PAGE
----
Seeking Alpha Under Distortions Of Belief: Are We At Odds With Ourselves?

by: Celan Bryant

Summary

Earlier this month, the paper "Anxiety, Overconfidence, and Excessive Risk Taking" by Thomas M. Eisenbach and Martin C. Schmalz was published by the Federal Reserve Bank of New York.

The authors seek to find the source of overconfidence, anxiety and forgetfulness within the world of investments.

Ultimately, the authors blame the delusion created by the investor on the "Ostrich Effect", the willingness of the investor to seek out biased information, and drugs.

Earlier this month the paper Anxiety, Overconfidence, and Excessive Risk Taking by Thomas M. Eisenbach and Martin C. Schmalz was published by the Federal Reserve Bank of New York Staff Reports. The article attempts to understand why investors are inherently overconfident. It is the "systematic underestimation of risk" that the authors seek to understand. Specifically, they want to know how the market can be in balance or efficient when these distortions in belief exist. Ultimately, the authors blame the delusion created by the investor on the "Ostrich Effect", the tendency for the investor to reject unbiased information, and cocaine.

The authors begin by seeking out the source of overconfidence, anxiety and forgetfulness within the investor's decision framework.

We show that dynamically inconsistent preferences with respect to risk - which we call "anxiety-prone" - when combined with a possibility to forget can generate overconfidence. We assume that the agent exhibits higher risk aversion for imminent than for distant risks, i.e. horizon-dependent risk aversion. - Eisenbach and Schmalz, 2014

This is where it gets a little slippery. The authors suggest that the average investor convinces themselves that higher risks don't exist in the future, which allows them to take higher risks in the present. "A sophisticated, self-aware decision maker", however, "may search for commitment devices that constrain the future self's action space to make the chosen actions more compatible with current preferences".

One example of a commitment device may be a bond. Without these "devices", the authors suggest, the "present self" can distort the truth about future risks.

If the present self can conceal information about risks from the future self, the latter will underestimate such risks and therefore take higher risks than it otherwise would, thus alleviating the inconsistency between the present self's preferences and the future self's actions. This is true even if the future self understands the structure of this game perfectly and tries to "undo" the belief distortion in a fully Bayesian way.

Much of the paper is spent reviewing literature supporting the assumption that the allusion of time can affect risk-taking behavior. Specifically, it "generates overconfidence". Without this assumption, the theory of distortion doesn't hold.

Also critical to the theory is an explanation as to how the investor is supporting or creating this delusion. Aren't they getting the same information as everyone else? To this question, the authors provide the following explanation:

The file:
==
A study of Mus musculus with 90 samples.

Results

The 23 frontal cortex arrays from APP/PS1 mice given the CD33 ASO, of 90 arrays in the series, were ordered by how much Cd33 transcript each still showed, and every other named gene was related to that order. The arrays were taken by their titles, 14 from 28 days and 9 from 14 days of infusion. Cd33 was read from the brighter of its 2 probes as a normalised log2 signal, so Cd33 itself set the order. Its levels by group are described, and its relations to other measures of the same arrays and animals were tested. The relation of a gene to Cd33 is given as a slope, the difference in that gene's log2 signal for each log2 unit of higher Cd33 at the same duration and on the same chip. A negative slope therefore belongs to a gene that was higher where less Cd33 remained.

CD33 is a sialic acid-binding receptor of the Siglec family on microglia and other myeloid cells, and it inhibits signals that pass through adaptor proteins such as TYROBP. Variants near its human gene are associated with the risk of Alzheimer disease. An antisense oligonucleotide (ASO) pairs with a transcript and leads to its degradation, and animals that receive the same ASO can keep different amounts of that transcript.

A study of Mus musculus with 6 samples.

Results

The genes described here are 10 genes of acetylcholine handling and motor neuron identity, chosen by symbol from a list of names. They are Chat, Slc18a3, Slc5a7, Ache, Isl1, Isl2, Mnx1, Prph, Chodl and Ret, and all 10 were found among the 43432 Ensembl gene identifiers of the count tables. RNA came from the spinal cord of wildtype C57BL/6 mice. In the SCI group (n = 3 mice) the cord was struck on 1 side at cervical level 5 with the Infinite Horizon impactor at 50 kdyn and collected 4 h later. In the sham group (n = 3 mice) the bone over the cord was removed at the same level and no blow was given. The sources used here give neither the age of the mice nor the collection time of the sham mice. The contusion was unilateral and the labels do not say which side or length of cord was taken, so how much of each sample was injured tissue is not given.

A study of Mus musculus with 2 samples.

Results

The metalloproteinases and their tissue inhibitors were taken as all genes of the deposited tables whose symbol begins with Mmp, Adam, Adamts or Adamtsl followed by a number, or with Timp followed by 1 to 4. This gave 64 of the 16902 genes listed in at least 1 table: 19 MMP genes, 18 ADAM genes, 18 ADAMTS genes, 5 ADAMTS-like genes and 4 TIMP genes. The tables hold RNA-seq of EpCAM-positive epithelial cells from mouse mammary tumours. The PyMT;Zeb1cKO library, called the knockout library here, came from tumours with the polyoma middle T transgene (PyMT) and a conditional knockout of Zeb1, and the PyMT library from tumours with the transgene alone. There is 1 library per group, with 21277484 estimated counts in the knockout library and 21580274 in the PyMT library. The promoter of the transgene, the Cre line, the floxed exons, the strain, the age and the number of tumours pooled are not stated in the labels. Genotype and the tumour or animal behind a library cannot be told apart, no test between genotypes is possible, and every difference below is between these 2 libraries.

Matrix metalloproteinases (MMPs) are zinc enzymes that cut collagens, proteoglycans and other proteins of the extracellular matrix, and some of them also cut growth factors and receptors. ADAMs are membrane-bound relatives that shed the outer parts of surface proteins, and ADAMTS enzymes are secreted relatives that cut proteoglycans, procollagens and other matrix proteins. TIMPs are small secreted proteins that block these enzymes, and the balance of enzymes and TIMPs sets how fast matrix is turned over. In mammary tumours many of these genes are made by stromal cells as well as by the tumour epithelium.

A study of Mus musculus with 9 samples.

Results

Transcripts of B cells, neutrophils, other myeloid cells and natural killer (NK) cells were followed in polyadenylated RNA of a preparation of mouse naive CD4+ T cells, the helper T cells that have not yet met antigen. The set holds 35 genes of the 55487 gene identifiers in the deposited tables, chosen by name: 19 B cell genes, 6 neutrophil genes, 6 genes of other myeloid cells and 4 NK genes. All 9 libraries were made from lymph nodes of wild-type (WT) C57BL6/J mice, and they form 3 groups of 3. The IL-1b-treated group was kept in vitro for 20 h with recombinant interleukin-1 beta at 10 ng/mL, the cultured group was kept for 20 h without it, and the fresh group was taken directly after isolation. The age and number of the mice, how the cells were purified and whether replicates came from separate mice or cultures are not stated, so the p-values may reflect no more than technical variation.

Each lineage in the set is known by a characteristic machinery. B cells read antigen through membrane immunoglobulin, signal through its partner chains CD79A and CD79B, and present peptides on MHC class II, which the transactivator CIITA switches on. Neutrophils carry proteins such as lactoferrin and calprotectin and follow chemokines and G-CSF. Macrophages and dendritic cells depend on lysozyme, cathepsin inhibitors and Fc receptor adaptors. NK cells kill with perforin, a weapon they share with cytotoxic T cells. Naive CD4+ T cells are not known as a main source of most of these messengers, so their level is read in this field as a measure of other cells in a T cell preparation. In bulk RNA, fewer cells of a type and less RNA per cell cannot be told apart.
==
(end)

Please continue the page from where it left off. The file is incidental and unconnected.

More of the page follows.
... given a preference for a biased posterior, an anxiety-prone agent will attempt to implement information and communication systems that render her misinformed about risks.

In other words, an investor may choose to get all their investment advice from a church group and co-workers. They may listen to radio or television programming geared toward excessive risk-taking. They may even select a financial adviser with a "unique" gift for mitigating the true nature of risks. The authors cite a paper by Karlsson et al. published in 2009 that finds investors look up portfolio performance less often after receiving a signal about increased risks - a behavior known quite fittingly as the "Ostrich Effect". The conclusion was that retail investors have little interest in unbiased advice.

Another study blames the delusion on drugs, citing a study titled "Did cocaine use by bankers cause the global financial crisis?" Published in The Guardian in April 2013, the paper suggests that the widespread use of cocaine by professional traders "is consistent both with strategic self-manipulation and with our observations about cross-sectional overconfidence across environments". It also suggests that drug and alcohol use may lead to forgetting, if not ignoring, the negative signals of the past.

What's the conclusion? The selective process of forgetting about or denying the existence of risk is used as a tool by the average investor to accomplish self-delusion, but what's the application? The authors plan to connect this model to asset pricing models in future research. Until then, the effect on prices is being played out every day.

What's the lesson for the average investor? Find investment vehicles that can help "lock in" a particular action over a given time period, regardless of how your views ebb and flow with risk cycles.

Disclosure: The author has no positions in any stocks mentioned, and no plans to initiate any positions within the next 72 hours.

The author wrote this article themselves, and it expresses their own opinions. The author is not receiving compensation for it (other than from Seeking Alpha). The author has no business relationship with any company whose stock is mentioned in this article.